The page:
Wednesday, September 8, 2010

Widows Story: Ruth McBride Jordan

I just finished reading this book: The Color of Water: A Black Man's Tribute to His White Mother by James McBride. It's amazing!

The author was the youngest of eight children--his father died before he was born. And then his mother remarried and had four more children. His step-father died, too, while he was in grade school. But all twelve children are successful college graduates! So his mom had twelve children and was widowed twice.

Not only that, James MCBride's mother was born in Poland in 1921 as Rachel Deborah Shilsky. When she was two years old her Jewish family immigrated to America.  She grew up in the South, in Suffolk, VA, then moved on her own to New York City after high school, left Judaism and married a black man, Andrew D. McBride with whom she founded a Baptist church in Brooklyn and had eight children. Mr. McBride died of lung cancer in 1957. She was remarried to Hunter Jordan, another black man, and had four more children. Mr. Jordan died in 1972.

McBride writes this about when his mother was widowed a second time:
"Jesus gave Mommy hope. Jesus was Mommy's salvation. Jesus pressed her forward. Each and every Sunday, no matter how tired, depressed, or broke, she got up early, dressed in her best, and headed for church. When we kids grew too old and big for her to force us to go, she went alone, riding the F train from Queens to Brooklyn to New Brown Memorial, the church she started with my father. Church revived her, filled her up, and each Sunday she returned a little more renewed, until that Saturday afternoon she announced she was going to drive my stepfather's car."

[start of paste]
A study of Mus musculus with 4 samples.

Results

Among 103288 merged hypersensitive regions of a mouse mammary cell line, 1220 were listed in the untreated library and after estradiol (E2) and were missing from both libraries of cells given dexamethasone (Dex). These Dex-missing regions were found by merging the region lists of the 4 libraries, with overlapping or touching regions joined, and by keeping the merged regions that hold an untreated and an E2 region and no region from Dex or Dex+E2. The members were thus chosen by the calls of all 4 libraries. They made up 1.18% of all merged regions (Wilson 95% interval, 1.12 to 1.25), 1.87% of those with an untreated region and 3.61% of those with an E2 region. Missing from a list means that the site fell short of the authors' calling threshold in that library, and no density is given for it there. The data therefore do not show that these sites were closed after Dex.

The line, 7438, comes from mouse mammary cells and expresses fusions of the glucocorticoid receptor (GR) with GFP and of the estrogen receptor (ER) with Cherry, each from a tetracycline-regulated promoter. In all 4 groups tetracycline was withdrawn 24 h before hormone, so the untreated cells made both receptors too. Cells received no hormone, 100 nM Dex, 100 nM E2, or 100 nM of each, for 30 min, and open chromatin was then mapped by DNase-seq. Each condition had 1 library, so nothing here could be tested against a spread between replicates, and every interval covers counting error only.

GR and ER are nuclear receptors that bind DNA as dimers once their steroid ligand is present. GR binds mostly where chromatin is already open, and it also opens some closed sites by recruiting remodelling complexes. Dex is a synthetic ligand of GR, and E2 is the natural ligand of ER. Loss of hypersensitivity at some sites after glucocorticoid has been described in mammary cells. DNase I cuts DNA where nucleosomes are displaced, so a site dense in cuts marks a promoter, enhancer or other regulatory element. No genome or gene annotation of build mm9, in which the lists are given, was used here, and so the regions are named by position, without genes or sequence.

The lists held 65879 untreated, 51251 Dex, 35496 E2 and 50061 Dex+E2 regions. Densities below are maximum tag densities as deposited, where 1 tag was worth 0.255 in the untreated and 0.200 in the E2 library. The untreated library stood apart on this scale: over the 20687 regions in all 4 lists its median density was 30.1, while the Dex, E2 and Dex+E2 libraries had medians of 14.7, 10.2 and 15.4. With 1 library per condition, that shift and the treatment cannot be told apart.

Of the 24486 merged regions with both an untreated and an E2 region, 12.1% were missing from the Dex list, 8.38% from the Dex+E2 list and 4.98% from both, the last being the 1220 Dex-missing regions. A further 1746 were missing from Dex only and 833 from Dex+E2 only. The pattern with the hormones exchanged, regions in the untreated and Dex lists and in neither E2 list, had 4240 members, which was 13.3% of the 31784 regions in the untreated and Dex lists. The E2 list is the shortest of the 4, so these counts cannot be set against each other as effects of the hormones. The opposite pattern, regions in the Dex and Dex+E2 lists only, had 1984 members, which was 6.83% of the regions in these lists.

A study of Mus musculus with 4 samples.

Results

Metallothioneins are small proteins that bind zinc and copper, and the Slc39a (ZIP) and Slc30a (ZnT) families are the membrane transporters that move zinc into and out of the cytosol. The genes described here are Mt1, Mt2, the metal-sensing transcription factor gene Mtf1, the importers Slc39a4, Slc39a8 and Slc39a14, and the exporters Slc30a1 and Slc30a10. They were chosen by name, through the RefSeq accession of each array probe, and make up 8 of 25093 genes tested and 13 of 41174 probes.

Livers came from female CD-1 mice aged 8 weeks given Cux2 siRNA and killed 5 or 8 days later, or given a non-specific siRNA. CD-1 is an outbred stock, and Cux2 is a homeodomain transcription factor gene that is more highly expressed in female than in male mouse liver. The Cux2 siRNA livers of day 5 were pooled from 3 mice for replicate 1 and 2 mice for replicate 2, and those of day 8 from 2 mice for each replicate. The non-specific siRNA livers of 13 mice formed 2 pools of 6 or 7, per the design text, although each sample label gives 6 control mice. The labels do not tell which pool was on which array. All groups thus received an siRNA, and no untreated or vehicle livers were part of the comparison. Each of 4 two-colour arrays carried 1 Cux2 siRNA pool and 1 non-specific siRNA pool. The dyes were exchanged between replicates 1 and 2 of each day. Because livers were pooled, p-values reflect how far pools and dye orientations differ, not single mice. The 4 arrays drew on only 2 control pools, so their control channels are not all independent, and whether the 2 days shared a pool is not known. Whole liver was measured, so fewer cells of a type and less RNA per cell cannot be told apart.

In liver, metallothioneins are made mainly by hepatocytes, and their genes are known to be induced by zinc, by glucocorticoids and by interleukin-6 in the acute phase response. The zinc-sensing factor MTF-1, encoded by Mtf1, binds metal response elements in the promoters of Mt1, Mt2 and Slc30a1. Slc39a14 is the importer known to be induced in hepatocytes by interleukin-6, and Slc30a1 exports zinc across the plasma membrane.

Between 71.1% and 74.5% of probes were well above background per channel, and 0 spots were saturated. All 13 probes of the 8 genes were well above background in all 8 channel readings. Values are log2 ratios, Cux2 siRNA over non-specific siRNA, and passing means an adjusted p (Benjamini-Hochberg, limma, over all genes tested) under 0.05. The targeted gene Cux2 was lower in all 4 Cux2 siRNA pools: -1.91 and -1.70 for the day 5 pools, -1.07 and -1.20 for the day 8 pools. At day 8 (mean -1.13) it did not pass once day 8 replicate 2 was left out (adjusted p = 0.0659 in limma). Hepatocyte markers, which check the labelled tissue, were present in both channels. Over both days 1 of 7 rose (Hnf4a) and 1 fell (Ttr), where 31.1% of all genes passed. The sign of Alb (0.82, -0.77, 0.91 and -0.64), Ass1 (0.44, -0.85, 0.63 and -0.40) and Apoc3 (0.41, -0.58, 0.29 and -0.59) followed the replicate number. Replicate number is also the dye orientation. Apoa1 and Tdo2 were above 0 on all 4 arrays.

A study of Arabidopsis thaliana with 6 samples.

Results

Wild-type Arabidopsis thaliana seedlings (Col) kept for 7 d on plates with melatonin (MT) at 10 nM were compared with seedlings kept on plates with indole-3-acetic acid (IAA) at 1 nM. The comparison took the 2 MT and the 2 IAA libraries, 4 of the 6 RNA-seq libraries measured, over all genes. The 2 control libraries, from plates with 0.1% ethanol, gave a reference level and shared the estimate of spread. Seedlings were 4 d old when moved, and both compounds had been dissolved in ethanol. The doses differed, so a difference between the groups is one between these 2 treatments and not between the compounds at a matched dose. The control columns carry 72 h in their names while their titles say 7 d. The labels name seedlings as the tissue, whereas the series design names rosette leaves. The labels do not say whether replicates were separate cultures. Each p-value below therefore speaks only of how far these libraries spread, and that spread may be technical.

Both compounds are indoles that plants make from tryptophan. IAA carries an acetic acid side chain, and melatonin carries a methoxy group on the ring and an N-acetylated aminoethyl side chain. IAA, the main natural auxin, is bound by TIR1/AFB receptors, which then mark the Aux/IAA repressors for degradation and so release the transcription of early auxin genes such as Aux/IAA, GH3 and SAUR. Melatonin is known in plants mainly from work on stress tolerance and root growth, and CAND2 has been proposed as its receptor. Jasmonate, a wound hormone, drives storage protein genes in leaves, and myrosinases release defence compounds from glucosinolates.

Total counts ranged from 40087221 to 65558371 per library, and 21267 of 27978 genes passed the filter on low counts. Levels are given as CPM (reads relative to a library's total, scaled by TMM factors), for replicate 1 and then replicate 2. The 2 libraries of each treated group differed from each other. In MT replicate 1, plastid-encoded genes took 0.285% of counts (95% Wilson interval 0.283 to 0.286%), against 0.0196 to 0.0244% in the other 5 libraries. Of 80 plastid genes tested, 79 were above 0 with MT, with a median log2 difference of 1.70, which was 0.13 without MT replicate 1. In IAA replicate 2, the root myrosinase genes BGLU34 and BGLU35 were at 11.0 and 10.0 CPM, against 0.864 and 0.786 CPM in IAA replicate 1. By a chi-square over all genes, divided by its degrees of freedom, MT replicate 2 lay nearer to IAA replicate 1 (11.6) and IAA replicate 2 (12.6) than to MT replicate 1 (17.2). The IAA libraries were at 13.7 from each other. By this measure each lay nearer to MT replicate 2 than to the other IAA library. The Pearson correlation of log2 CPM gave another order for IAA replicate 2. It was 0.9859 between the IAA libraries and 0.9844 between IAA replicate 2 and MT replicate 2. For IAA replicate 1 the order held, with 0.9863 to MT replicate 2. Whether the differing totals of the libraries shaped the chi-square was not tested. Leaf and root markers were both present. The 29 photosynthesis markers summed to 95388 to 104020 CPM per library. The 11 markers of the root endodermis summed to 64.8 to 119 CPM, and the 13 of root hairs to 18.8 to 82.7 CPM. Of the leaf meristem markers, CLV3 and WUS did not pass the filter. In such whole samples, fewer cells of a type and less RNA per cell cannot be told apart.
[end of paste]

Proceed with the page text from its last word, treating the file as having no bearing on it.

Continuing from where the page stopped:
This book was on the New York Times bestseller list for over two years--it's not what you'd call a "religious" book. Yet, if you read it and try to figure out how this woman survived all she did (sexual abuse, abortion, racism, poverty, putting twelve children through college, the death of an adult son . . .) there can be no other explanation--not her energy and passion, not the family love the author favors--the only explanation is the power of Jesus Christ in her life. Ruth McBride Jordan was quite a character, but I believe she would agree--only Jesus!
Read this amazing story and you'll know that Christ guards and guides us, too, inspite of our quirks and weaknesses.   ferree

1 comment:

  1. Wow. I will have to put this on my book list. I have a hard enough time getting the laundry done...I can't imagine having 12 kids and putting them through school. I'm sure her story was inspirational!

    ReplyDelete

Thank you for taking the time to comment. I am not always able to reply but your remarks mean a lot to me and will appear as soon as possible.

Here are some tips for commenting:
Remember to click the Publish button.
Choosing the anonymous identity is easiest if you do not have your own blog.
Using a computer rather than a cell phone seems to work better. Thanks again!